Manufacturing activity in the Fifth district did expand for the seventh consecutive month in May, but just barely, with the index falling sharply by a surprisingly large 19 points to an almost flat reading of 1. The big decline from the lofty levels of the two previous months was a surprise to most analysts, who expected a more modest decline. Leading the steep fall were very big drops in some of the strongest components of the index previously -- shipments, which dove 27 points to a minus 2, new orders, down 26 points to 0, and capacity utilization, down 31 points to minus 9. Also falling among the current conditions components of the survey was the backlog of orders, off 19 points from April to minus 15, and the average workweek, down 11 points to a minus 3. But employment remained solid otherwise, with wages rising 2 points to 23 and and the number of employees up 1 point to 6.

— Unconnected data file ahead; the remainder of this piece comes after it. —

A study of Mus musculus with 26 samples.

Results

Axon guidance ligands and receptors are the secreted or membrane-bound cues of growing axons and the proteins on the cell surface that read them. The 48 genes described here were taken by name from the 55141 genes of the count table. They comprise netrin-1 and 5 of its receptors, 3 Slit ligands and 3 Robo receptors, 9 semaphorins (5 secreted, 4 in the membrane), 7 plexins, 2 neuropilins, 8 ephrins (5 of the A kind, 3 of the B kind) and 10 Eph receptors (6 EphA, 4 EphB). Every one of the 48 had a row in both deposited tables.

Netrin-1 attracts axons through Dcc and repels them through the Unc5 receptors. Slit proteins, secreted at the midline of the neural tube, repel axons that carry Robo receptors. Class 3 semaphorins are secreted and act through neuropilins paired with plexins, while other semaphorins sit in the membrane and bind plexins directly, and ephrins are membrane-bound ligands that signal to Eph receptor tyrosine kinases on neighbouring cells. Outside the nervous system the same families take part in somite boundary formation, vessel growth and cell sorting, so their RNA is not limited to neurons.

Looking ahead, manufacturing executives are still very optimistic, and while expectations measures did fall from the exuberant readings of the prior months, the declines are much less pronounced than in the current conditions part of the survey. Expectations for shipments fell 3 points to 39, the volume of new orders was down 11 points to 35, capacity utilization off 14 points to 29 and the number of employees as well as the average workweek down 5 points each at 20 and 8, respectively. Only capital expenditures are expected to increase, and were up 8 to 34.
Manufacturing executives reported that the prices they paid for goods, as well as the prices they received, rose at a more moderate rate than in the previous months.
Recent History Of This Indicator
The Richmond Fed's manufacturing index wasn't the first regional report to begin moving higher but its strength, like that of the Philly Fed, is enormous, at 22 in March and 20 in April for the first back-to-back 20 showing since 1994. Orders and shipments have been showing unusual strength. Econoday's consensus for the April index is 15.0.